Submitted by Nitya Jacob 2nd December 2022 5:04

Floodplains are excellent for farming


There are two types of farming on the flood plains of rivers. The first, which is widely practiced, is to plant as flood waters retreat. The other is to plant certain fast growing crops as flood waters advance.

About 10 million hectares of land in floods plains in Africa are under flood-recession agriculture. These are along the Niger, Zambezi, Senegal, Tana, Rufelji and Lufira rivers and their tributaries, around lakes, minor rivers and in natural depressions, such as dambo, as well as on the vast plains of South Sudan.

Despite this, flood recession agriculture has got little attention. Productivity can be improved with some basic water management techniques resulting in better livelihoods of the people depending on them. These flood plains are excellent natural wet buffers. Groundwater is available at a shallow depth and is replenished annually. Seasonal floods provide nutrient-rich sediment.


Simple methods can maximise livelihoods of people dependent on the flood plains.

Better water management through the use of dikes, inundation canals and drains to guide and  control water. Flood-based farming systems occur in different parts of the world and can sustain large populations. For example, in Bangladesh, a sophisticated system of bunds, dikes, canals and drains has been developed to spread water over a large area. This prevents stagnation and retains water for a long time. In Bihar, a state in India, canals and wetland are connected to rivers that flood annually, spreading their silt-laden water over a large area and facilitating rice and fish cultivation. In Mexico, raised beds are made to start cultivation earlier and use the flood water.

Shifting to flood-rise agriculture. In this method, rising flood water is used for the cultivation of fast-growing rice species which keep pace with the rise in inundation levels. For example, around Lake Tana in Ethiopia flood-rise agriculture has allowed farmers double cropping: growing rice on the rising flood and, subsequently, other crops, such as chickpeas, on the residual moisture. Flood-rise farming can can be used in other places depending on the pattern of flood rise where floating rice varieties can be grown, that are very fast growing varieties that keep up with the speed of the rising flood and can reach 3-5 m in height. They are cultivated in as Mali and Cambodia.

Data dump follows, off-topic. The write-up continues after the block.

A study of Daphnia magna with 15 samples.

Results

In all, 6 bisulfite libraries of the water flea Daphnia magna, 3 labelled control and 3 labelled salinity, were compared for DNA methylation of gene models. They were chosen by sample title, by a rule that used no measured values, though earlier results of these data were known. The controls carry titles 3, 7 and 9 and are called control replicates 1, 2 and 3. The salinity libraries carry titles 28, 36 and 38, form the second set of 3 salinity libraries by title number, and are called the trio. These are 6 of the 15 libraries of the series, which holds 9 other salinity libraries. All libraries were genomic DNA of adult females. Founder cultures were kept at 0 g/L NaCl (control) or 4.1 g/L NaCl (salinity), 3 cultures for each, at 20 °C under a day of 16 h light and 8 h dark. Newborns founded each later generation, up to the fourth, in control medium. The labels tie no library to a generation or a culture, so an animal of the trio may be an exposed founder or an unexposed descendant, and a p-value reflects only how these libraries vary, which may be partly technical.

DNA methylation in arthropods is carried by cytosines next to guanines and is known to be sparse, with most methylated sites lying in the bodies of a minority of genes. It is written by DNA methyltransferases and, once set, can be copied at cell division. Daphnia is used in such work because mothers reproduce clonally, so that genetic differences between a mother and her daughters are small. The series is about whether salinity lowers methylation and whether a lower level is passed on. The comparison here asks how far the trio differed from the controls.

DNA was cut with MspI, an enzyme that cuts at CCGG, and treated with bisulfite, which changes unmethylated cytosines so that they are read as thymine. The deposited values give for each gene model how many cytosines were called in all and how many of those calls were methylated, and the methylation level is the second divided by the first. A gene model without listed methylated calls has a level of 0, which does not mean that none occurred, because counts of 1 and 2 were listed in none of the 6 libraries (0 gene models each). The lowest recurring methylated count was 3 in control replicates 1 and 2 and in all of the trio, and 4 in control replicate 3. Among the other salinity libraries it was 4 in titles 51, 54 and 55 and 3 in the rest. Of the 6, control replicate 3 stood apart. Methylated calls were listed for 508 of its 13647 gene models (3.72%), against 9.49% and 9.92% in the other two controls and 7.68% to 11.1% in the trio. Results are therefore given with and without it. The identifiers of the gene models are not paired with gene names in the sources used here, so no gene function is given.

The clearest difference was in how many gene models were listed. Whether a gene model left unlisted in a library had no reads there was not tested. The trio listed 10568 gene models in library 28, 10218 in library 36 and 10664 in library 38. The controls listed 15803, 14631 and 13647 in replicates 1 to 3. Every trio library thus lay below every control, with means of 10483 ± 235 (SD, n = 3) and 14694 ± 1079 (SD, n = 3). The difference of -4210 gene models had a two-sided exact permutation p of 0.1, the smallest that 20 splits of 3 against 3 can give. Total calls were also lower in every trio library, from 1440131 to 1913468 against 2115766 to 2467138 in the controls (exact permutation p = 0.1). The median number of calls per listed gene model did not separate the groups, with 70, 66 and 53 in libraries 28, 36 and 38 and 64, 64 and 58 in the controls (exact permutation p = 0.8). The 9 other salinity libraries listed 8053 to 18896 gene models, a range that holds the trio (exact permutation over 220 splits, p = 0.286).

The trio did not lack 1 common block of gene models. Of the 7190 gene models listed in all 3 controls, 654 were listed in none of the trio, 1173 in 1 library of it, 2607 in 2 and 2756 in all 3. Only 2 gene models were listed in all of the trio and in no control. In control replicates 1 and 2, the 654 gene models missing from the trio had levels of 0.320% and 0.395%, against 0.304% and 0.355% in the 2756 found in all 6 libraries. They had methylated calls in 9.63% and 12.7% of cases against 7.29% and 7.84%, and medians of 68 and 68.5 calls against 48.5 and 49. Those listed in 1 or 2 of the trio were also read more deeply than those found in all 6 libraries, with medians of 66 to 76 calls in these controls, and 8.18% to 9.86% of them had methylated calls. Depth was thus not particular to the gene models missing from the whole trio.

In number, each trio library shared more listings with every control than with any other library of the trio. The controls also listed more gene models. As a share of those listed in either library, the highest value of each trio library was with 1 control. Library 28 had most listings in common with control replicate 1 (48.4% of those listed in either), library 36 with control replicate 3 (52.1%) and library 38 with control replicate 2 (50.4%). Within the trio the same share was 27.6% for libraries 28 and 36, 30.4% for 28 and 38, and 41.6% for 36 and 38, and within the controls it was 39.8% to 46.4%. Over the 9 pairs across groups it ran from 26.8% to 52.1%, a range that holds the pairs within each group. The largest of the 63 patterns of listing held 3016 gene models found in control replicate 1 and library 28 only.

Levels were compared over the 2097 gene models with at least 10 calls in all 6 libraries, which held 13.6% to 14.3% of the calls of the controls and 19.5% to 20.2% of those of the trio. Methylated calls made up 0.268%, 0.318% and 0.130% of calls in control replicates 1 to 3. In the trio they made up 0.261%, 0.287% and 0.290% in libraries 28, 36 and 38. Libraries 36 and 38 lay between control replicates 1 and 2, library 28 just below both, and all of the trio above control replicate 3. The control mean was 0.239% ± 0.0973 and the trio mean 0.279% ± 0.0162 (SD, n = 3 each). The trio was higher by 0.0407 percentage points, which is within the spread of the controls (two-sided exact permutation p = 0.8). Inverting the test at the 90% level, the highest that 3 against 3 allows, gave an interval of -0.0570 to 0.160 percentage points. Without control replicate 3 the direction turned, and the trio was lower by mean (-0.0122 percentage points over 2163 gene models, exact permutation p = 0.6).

Use shallow groundwater. Groundwater is available at shallow depths in most flood plains. Dug wells or shallow tubewells can be used to pump this for farming. This irrigation allows for supplementary irrigation soon after the floods have receded. Some simple methods for pumping groundwater are the hand auger that can be used to a depth of 15-25 metres; sludging; and jetting. Unlike Asia the skills in manual drilling of shallow wells is not yet as widespread in Africa.

Diversification - fishery, livestock. Flood based farming system provide the basis for diversified livelihood systems – not just farming, but also fishery and livestock keeping. Fish for instance can be promoted by finger-ponds. Also, the wetlands in and around flood-based systems often offer opportunities for non-timber products, medicines and other products. Market chains are however not well developed. 

Development of the fadama flood plains

Found along Nigeria’s river systems, the fadama are the extensive flood plains and low-lying areas underlined by shallow aquifers. These were formed by the deposition of suspended material over the low gradient plans. Silt and other materials are suspended in stagnant ponds that settle in layers of silt, clay, sand and silty loam over the original sandy material. The relatively low permeability creates aquifers throughout the floodplain.

People have learnt where to dig shallow wells to get to this water. Failed wells mark clay-rich places that have become sites for brickmaking. The area gets 700 mm of rain. In the past irrigation started in November, after the plains were sufficiently dried to allow the re-excavation of the dug wells.

Since 1992, in a World Bank-supported project for developing agriculture, over 40,000 shallow tube wells, equipped with small engine-driven water pumps have been installed. This has made irrigation more reliable, covering a longer period and allowed for the cultivation of vegetables. Farmers, fishermen, hunters, pastoralists and gatherers were provided grants for small-scale productive activities such as fishponds, cold stores, feed mills, harvesting equipment and feeder roads, small bridges, culverts, rural markets, rural electrification as well as training and skills development.

But this has created tensions between farmers and militant outside pastoralist groups over access to land. Additionally, wells are used intensively for irrigation in the morning, they are sometimes not yet recharged in the afternoon when they are used for livestock watering.

(Excerpted from Transforming landscapes, transforming lives : the business of sustainable water buffer management).